Have you ever gotten a wedding invitation in the mail and thought... well what the heck do I wear? You worry that if you go with a sun dress that most other guests will be wearing fancier gowns. Or you panic at the thought of being the only woman in attendance (besides the bride) in a floor-length dress. Crap. It's so stressful.
It's not uncommon to suggest attire to wedding guests - in fact it's traditionally supposed to be on the details card of your invitation suite (yet we don't see that very often anymore). It can be really helpful to provide your guests with information regarding their attire so that they aren't calling you and your mother the week of the wedding to ask what they should wear. However, when you do choose a dress code be ready for an onslaught of questions anyway.
The most common wedding dress codes from least formal to most formal are: casual/daytime (note... this still means dress pants, not denim), semiformal/dressy casual, beach formal, formal/black tie and white tie. You can read the details of what each of those mean on Brides' blog post.
Other dress codes you might come across are garden party, resort chic, festive attire (around the holidays) and creative black tie.
And then if you're a guest at our wedding... we threw you a curveball. We set our wedding dress code as Kentucky Derby. Yep, you read that right.
Our wedding design has been influenced by southern coastal charm. Our design features bright and pastel secondary colors - basically no black, grey, royal purple or red. Our venue is an open-air barn with cooling units but no central air conditioning. I wanted guests to be comfortable but my no means did I want to encourage casual attire. I'm a stickler about wedding dress and while I know casual attire works perfectly well for most people, it does not for us. I wanted guests to know that formal attire was expected but also discourage them from wearing dark, heavy, wool suits.
I have learned one thing about assigning a dress code - be prepared.
So many of our friends and family were totally excited right off the bat. I've been getting pictures of my friends' hats and fascinators for easily six months. Some of our friends even custom ordered handmade hats from a shop in Charleston, SC! Others were really not thrilled about the idea of a dress code. I was even told that it was selfish and too much to ask of our guests. Oops.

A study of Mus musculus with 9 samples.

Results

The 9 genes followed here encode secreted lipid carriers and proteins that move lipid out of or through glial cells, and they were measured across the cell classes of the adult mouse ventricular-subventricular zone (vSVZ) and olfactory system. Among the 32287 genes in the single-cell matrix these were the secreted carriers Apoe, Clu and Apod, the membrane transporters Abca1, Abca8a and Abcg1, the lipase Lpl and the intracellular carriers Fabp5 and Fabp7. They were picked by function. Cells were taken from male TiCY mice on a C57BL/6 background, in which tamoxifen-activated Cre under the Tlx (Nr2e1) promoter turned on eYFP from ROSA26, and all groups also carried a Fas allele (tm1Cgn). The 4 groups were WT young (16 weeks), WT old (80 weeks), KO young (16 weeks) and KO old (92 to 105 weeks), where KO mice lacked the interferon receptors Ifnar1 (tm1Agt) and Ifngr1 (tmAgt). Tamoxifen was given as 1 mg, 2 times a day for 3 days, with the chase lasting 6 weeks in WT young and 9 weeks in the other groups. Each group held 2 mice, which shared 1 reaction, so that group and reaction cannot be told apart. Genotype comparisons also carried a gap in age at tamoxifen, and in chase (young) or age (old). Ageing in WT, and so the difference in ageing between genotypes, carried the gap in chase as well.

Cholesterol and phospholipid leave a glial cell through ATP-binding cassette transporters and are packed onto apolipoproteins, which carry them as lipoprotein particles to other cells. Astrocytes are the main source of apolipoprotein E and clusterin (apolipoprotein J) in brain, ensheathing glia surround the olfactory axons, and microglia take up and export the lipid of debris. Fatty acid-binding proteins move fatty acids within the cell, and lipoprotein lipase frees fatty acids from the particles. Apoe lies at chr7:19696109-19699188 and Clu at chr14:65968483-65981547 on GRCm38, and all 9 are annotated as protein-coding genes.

I have found that people have a lot of questions. I can almost guarantee that everyone attending our wedding has some sort of grasp of what Kentucky Derby attire looks like or has the ability to Google it. But regardless, there have been an abundance of "is this OK?" and "what exactly does this mean?" text messages. I keep a lot of images of Kentucky Derby outfits on my phone and at the ready. I let guests know that hats and fascinators are definitely not required and that if they're really struggling... just don't wear dark colors and dress for the weather.
When choosing your dress code, you want to consider the venue, the formality of the wedding that you're dreaming of, the weather and the event design.
Assigning a dress code can really help most guests understand what level of formality you are going for on your wedding day. It will keep a lot of guests from wondering and stressing about what to wear. But it will also prompt a lot of others to contact you for guidance! I recommend keeping a brief description and/or some photos on your phone and ready to share.